COVINGTON, Ga. — Newton's Democratic chairman has agreed to serve on a vote review committee after other Democrats' refusal to participate because of fears about Republican members not wearing masks threatened to halt certification of votes in the Tuesday, Jan. 5, runoff election.
The agreement came just hours before the Newton County Board of Elections voted Thursday, Dec. 31, to approve a resolution allowing Chairman Phil Johnson to ask a judge to order either county political party to participate in the review process that state law requires be completed before any county's final vote totals can be certified.
The panel determines the voter's intent when ovals on an absentee ballot are not completely filled in, or on ballots are damaged in the mail. Both parties are required to provide members.
Johnson said he worked unsuccessfully for hours Wednesday, Dec. 30, trying to broker a compromise between Newton County Democrats and Republicans on what face coverings should be worn during the process of adjudicating ballots.
He said Democratic Chairman Ryan Barrett agreed to participate if given a mask covering his face and if plexiglass dividers are used to divide the panel’s members.
Democrats, led by Barrett, had refused to serve as monitors and vote review panel members because they objected to a Republican member wearing a plastic face shield they said did not comply with CDC guidelines for providing protection from exposure to COVID-19.
Republicans, led by Jay's husband and party Chairman Scott Jay, said a face shield worn by Leesha Jay complied with a county mask ordinance in part because she experienced breathing problems while wearing a face covering.
Newton County's mask ordinance requires face coverings in public areas outside the cities and in county-owned buildings but allows numerous exemptions, including in voting precincts and for objections on medical, religious or other grounds.
The elections and registration office is located in the Newton County Administration Building which also serves as a location for in-person advance voting.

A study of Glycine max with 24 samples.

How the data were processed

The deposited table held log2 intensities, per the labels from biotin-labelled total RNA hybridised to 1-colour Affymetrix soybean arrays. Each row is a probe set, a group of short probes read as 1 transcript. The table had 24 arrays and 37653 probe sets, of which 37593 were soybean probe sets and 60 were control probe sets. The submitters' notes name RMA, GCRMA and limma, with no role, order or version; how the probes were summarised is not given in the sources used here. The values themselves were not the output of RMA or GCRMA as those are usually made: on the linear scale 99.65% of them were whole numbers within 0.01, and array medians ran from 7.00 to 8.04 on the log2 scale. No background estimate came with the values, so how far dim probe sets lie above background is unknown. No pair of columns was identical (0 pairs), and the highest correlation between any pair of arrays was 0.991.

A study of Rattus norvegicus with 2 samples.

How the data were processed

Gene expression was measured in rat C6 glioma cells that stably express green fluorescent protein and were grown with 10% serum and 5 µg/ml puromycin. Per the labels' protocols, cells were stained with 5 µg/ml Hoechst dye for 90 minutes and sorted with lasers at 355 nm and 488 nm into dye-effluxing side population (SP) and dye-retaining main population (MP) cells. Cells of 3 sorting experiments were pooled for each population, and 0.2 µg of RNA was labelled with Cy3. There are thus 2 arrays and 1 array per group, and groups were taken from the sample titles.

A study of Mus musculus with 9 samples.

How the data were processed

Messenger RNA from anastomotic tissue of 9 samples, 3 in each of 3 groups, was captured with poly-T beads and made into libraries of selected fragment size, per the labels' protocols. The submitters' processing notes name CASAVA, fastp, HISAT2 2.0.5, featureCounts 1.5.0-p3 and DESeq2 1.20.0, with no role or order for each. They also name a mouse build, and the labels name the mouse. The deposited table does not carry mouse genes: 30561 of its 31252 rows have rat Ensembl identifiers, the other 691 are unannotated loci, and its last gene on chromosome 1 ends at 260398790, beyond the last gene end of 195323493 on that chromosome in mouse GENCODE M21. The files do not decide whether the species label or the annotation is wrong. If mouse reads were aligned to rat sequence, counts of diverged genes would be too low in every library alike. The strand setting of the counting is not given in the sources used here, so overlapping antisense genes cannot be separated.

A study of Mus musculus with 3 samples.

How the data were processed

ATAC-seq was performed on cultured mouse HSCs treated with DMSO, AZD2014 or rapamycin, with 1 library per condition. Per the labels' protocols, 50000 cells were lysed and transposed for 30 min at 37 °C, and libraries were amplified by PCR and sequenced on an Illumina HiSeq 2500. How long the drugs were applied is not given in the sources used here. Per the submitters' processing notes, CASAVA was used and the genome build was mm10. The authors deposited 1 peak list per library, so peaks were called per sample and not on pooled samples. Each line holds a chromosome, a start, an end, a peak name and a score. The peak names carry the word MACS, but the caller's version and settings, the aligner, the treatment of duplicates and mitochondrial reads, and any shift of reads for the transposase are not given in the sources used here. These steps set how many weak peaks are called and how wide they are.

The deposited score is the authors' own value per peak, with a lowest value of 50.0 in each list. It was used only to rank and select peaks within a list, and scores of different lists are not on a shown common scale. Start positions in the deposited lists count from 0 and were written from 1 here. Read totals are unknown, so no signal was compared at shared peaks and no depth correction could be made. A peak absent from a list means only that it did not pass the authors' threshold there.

Barrett will join Johnson and Leesha Jay as vote review panel members.
The Democratic chairman agreed to replace Theresa Hesterley after she refused to participate because of the face shield objection.
Barrett, who is an emergency room technician, said today, Jan. 1, that, "Unsurprisingly, (Scott Jay) refused to budge and do as he was requested from the beginning — appoint an individual who did not have any objections to wearing a mask for this process."
"As I stated to the Board of Elections (Thursday), I have agreed to serve as the Democratic appointee as long as safeguards are met to protect those of us in that room due to the unwillingness of the GOP to do what is right for the overall good."
He said the "process is far too sacred to allow it to fall through the cracks."
"People have gone through a lot to make sure that their votes are cast and their voices are heard. I would not want it weighing upon my conscience that I had a part in disrupting a free and fair election," he said.
"What is not surprising is that it is the Democrats, yet again, having to further accommodate a stagnant and bullheaded opposition party — all for the simple fact that they feel the need to politicize a public health crisis.
"It is truly reprehensible that we are having to deal with something like this, but we are determined to do what is right to save our democracy," Barrett said.
Scott Jay has said county Democrats are using the issue of which face coverings "to score political points" after Democrat monitors began complaining to Republican monitors about use of masks after absentee vote processing began Dec. 21..
He said today, Jan. 1, that "whatever Ryan needs to do to help him feel comfortable to finish this task is fine with me."
"We were not the ones obstructing this process and quite frankly we’re the ones getting the most heat and scrutiny," Scott Jay said.
"Our choice (Leesha Jay) is simply the best choice to represent the Republican Party and its voters," he said.
He said three sheriff's deputies assigned to enforce the mask ordinance in the administration building had inspected Mrs. Jay's face shield and found it complied with the county ordinance.
"She is competent, respectful, socially distances when not adjudicating (ballots) and takes her temperature before leaving for the Election Board," he said..
Marcello Banes, chairman of the Newton County Board of Commissioners, said a sign on the building's front door encourages wearing of masks and the government wants those entering to follow CDC guidelines on preventing the spread of COVID-19.
However, the county government cannot legally mandate the use of masks by everyone, he said.
The Georgia Department of Public Health's latest statistics show Newton County had 562 confirmed cases per 100,000 population between Dec. 12 and 25 — lower than the statewide rate of 672 per 100,000.
Newton had recorded 4,409 confirmed cases through Dec. 25, the department reported.